NASHVILLE – Derrick Henry has been called a lot of things during his playing career, starting simply with "King."
Henry also earned "Heisman Trophy winner" while at the University of Alabama, and "Offensive Player of the Year" with the Titans.
Now, the Titans running back has earned another title.
"We've started calling him 'Coach Henry'," Titans running backs coach Tony Dews said of Henry.
Henry, who has won back-to-back NFL rushing titles, has been limited with his work in practices so far in training camp.
It's been by design, part of head coach Mike Vrabel and the training staff's plan, and on Monday Henry said he's OK with it.
With a reduced workload, Henry has spent plenty of time working on his conditioning. He's also stayed involved in practices by acting as, well, a coach.
"He's back there with a script now, and he's calling out all the plays and he's helping me substitute the guys in," Dews said of Henry. "So that keeps him involved in practices. And it is also my little sneaky way to help him continue to grow in the offense. Because now he is calling out full formations. So, my thought is maybe he is continuing to gain knowledge and understanding by hearing how the quarterback calls things and hearing how (offensive coordinator) Todd Downing is calling things.
"It keeps him involved and it keeps him watching, and seeing what is happening and he can coach those guys when he comes off the field as well."
Henry, heading into his sixth NFL season, ran for 2,027 yards and 17 touchdowns in 2020. Henry's 2,027 rushing yards gave him the fifth-highest total in NFL history behind Eric Dickerson's 2,105 (1984), Adrian Peterson's 2,097 (2012), Jamal Lewis' 2,066 (2003) and Barry Sanders' 2,053 (1997). Henry broke Chris Johnson's franchise mark of 2,006 rushing yards in 2009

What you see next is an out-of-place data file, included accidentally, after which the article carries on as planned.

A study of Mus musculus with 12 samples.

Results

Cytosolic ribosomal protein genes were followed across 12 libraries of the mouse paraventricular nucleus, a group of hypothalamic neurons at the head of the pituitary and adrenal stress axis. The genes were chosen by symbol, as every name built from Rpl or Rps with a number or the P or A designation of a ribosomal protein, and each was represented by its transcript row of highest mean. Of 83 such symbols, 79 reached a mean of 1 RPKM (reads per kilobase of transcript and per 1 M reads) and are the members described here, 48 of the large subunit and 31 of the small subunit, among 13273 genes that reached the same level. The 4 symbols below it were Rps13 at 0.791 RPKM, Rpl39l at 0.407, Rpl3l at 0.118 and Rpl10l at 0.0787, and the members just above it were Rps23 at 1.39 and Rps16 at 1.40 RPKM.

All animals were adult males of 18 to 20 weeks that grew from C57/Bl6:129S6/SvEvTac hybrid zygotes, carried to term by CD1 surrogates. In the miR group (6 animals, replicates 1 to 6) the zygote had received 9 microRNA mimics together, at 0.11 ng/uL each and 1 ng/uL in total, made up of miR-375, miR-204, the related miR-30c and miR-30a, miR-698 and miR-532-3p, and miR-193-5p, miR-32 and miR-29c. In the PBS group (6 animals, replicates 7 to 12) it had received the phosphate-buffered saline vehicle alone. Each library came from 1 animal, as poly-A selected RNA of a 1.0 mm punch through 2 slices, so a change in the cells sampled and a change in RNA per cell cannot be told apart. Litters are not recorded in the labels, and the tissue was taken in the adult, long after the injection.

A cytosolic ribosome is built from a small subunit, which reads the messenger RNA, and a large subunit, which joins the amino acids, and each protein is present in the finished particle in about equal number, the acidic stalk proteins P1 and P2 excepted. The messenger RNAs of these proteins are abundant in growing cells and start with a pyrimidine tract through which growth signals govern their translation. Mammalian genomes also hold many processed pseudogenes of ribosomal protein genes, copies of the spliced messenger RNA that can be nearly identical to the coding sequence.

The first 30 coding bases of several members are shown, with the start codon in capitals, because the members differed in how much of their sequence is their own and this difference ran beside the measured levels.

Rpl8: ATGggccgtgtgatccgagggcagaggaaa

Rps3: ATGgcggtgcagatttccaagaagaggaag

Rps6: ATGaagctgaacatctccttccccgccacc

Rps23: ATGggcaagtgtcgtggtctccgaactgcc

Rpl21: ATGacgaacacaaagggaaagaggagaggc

Henry was named the 2020 NFL Offensive Player of the Year by the Associated Press, and he was also named first-team All-Pro by the Associated Press after becoming just the eighth player in league annals to rush for at least 2,000 yards in a season.
Henry said on Monday he's willing to help any way he can in practices, even when he's not carrying the football.
Call it coaching, call it being a cheerleader, it doesn't matter to Henry.
"I am just holding the script, calling out plays, trying to be helpful," Henry said. "Just letting guys know when their rep is up, and just trying to encourage them to go out there and do their best. … Just trying to help any way I can, and trying to be involved in practice as much as I can as well."
As for the reduced workload, Henry said he's doing what the coaching staff and training staff want him to do.
Dews, for one, believes Henry's reduced workload in previous camps helped the running back during the latter part of the past two seasons.
"I'm just working hard as much as I can when I am out there, and when I am not practicing just taking mental reps," he said. "And when I am conditioning with the strength and conditioning coach, just working hard to keep my body in shape. And when I get done with that, coming back in, watching from the sideline, helping the guys, trying to do the best I can to help them with their reps and also taking mental reps as well."
The Titans open the preseason on Friday night in Atlanta against the Falcons.
Right now, Henry isn't sure if, or how much, he'll play.
"I am ready for whatever, really," Henry said. "It is training camp, you have to come out and work, and do your job each and every day. Whatever I have to do I am willing to do, but right now I am focused on what I can do right now."